5 July 2010 | Lindsay Clark
Growth in the service economy slowed in June, with confidence falling sharply, the latest Markit/ CIPS UK Services Purchasing Managers’ Index (PMI) found.
The survey showed the rate of business activity slowed in June. The index came in at 54.4; May’s figure was 55.4. Although this represents a growing market – since a PMI of 50 indicates no change – expansion has slowed for three times in the past four months.
The survey also showed that business confidence for future activity suffered its greatest monthly drop in its 14-year history.
CIPS CEO David Noble said: “June’s data painted a worrying picture for the UK services sector as confidence suffered a serious blow following the government’s emergency spending cuts. Purchasing managers voiced grave concerns that budget cuts and VAT rises will tip the scales and amplify the likelihood of the UK slipping back into recession.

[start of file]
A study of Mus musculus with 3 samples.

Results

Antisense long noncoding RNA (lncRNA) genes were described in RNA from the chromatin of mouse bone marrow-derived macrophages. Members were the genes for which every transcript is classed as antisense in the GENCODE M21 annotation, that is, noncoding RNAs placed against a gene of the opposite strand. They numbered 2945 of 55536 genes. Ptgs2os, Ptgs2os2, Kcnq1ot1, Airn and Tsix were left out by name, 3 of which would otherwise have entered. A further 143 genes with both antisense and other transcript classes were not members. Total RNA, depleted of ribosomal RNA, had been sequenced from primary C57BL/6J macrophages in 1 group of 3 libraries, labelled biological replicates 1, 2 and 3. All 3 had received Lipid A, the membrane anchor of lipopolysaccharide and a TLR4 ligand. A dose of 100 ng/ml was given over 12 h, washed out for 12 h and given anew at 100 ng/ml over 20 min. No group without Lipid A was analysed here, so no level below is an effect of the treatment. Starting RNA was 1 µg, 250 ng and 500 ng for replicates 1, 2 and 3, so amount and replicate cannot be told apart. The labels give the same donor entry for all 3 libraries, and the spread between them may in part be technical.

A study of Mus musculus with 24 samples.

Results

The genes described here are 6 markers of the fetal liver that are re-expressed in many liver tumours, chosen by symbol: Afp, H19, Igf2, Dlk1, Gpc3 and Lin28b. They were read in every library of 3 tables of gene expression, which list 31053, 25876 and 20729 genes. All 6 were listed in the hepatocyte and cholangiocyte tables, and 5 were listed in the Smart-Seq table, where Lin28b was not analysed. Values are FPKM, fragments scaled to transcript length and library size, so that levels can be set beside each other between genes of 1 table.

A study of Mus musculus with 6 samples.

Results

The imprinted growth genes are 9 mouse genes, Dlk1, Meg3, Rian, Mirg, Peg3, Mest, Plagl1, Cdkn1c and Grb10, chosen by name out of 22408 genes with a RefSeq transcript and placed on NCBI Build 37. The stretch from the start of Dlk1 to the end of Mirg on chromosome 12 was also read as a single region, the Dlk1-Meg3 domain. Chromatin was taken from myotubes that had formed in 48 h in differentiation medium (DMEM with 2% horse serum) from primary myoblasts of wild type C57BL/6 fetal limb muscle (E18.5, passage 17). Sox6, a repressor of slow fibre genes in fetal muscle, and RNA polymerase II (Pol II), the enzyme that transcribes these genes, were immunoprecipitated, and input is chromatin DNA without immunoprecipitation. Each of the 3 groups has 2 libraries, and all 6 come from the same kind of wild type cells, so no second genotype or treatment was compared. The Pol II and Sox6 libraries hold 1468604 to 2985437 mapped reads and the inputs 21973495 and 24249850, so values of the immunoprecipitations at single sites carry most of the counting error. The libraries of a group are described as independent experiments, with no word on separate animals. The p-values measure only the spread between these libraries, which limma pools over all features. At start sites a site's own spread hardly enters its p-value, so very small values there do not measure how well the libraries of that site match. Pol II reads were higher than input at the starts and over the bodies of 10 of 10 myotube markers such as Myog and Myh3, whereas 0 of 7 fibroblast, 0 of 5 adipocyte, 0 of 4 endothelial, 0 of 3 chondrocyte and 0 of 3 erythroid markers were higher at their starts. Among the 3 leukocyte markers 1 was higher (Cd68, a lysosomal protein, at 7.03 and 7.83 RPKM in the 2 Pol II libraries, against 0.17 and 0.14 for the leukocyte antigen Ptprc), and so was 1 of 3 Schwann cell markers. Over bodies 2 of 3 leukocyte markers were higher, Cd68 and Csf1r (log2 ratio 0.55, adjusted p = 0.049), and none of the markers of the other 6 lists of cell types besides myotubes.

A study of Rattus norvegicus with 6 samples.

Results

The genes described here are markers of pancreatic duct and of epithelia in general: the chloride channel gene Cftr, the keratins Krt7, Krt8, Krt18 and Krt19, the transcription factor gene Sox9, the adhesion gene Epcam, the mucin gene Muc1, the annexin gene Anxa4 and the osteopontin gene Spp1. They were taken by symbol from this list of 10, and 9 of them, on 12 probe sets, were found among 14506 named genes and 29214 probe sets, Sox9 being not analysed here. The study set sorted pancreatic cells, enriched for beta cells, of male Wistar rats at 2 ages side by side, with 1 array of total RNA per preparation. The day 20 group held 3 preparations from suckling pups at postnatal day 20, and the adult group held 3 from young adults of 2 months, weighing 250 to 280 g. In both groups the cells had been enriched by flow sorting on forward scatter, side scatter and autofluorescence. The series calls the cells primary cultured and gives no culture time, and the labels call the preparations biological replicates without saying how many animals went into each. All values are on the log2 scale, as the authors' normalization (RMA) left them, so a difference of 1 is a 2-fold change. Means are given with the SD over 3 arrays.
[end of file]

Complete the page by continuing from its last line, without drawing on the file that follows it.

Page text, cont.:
“Though new business continued to grow this was at a subdued rate and kept employment levels firmly grounded. It seems companies are increasingly hesitant to commit in this time of political and economic uncertainty.”
Paul Smith, senior economist at Markit and author of the UK Services PMI said the results had serious economic implications. “While we continue to look for a 0.4 to 0.5 per cent rise in GDP for Q2, this may well already represent a peaking in the recovery cycle. Confidence declined to the greatest extent in 14 years of data collection in reaction to the government’s austere emergency Budget, with concern expressed that the fiscal tightening could push the country back into recession.
“Indeed, the less positive outlook appears to be already affecting decision-making, with some clients reportedly reluctant to commit to new business at the present time.”